Helping Clients Who Are Being Abused: Safety and treatment planning
Keep safety in mind in your treatment planning, and assist the client with safety-related concerns. Work with the client to evaluate all treatment and discharge plans to determine whether following them might further endanger her or unintentionally reinforce her partner’s control.
Try to help each abused client to:
- Decide how contact between you and her can be handled most safely.
- See individual violent incidents as part of a pervasive, ongoing attempt to control her.
- Look beyond the current crisis and plan for safety during periods of relative calm.
- Identify high-risk situations and make specific plans for each one. This should include:
- Issues regarding her children’s safety, and her fear that she may lose custody of them.
- Her partner’s use of tactics that target her specific life situation (such as care-taking responsibilities, health or disability issues, economic situation, sexual orientation, etc.).
- Ways in which her partner may attempt to interfere with her efforts to get help, for instance by cancelling her appointments, demanding to attend her sessions, or calling or texting her during sessions, and how she wants to respond to such interference.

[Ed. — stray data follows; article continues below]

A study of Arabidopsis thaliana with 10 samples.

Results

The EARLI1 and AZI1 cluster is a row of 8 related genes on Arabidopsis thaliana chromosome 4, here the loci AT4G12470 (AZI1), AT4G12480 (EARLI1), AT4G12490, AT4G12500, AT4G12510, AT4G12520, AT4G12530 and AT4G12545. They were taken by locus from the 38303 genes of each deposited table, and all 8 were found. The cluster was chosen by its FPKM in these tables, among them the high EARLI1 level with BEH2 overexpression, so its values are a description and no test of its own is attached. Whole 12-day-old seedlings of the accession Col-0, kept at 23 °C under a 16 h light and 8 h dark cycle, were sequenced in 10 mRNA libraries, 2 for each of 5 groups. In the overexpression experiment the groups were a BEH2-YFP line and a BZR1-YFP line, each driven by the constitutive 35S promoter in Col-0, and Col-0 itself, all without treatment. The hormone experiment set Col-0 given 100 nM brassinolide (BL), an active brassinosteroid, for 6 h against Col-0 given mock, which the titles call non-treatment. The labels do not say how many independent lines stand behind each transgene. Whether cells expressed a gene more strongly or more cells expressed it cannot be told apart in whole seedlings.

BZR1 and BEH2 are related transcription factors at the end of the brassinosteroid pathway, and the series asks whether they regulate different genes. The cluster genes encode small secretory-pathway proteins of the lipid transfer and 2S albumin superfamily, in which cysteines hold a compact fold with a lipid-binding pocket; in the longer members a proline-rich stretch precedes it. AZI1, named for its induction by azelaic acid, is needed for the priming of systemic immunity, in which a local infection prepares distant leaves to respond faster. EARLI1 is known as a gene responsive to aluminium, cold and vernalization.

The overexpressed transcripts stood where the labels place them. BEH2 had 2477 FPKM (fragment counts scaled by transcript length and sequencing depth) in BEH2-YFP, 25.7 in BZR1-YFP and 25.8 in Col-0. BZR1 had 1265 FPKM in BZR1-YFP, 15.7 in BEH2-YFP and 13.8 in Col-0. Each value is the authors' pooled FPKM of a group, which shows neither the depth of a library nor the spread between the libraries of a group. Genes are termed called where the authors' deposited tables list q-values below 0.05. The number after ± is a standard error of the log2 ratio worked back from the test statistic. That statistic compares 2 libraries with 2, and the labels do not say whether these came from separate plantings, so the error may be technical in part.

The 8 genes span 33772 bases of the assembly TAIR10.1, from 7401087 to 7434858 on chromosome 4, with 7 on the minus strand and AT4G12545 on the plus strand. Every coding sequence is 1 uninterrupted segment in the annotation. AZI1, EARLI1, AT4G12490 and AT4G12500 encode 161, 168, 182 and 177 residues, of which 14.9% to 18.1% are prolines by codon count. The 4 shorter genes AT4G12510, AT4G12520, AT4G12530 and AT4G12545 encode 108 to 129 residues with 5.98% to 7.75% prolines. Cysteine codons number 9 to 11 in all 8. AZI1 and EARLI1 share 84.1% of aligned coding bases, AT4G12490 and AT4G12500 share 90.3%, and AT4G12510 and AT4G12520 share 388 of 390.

- Identify signals of impending danger as far ahead of the actual violence as possible, so she is more able to avoid violence or escape injury.
- Take her partner’s threats seriously – especially if he has followed through on past threats.
- Not put too much stock in her partner’s promises to change – abusers seldom stop just because they say they will.
- Connect with domestic violence service providers and other resources.
- Assess the safety implications of interventions by others,
- A judge imposing a mutual order of protection.
- Her partner’s therapist pushing for couple counseling.
- Assess the costs and benefits of calling the police, getting an order of protection, using domestic violence services, or disclosing abuse to friends or family.
- Rehearse her safety plans, imagine ways they could backfire.
For instance, the violence could escalate or there could be legal
problems. Help her come up with back-up plans and periodically
assess how well her plans are working.
(Many of these ideas are from Davies, J. (1998). Safety Planning with Battered Women. Thousand Oaks, CA: Sage.)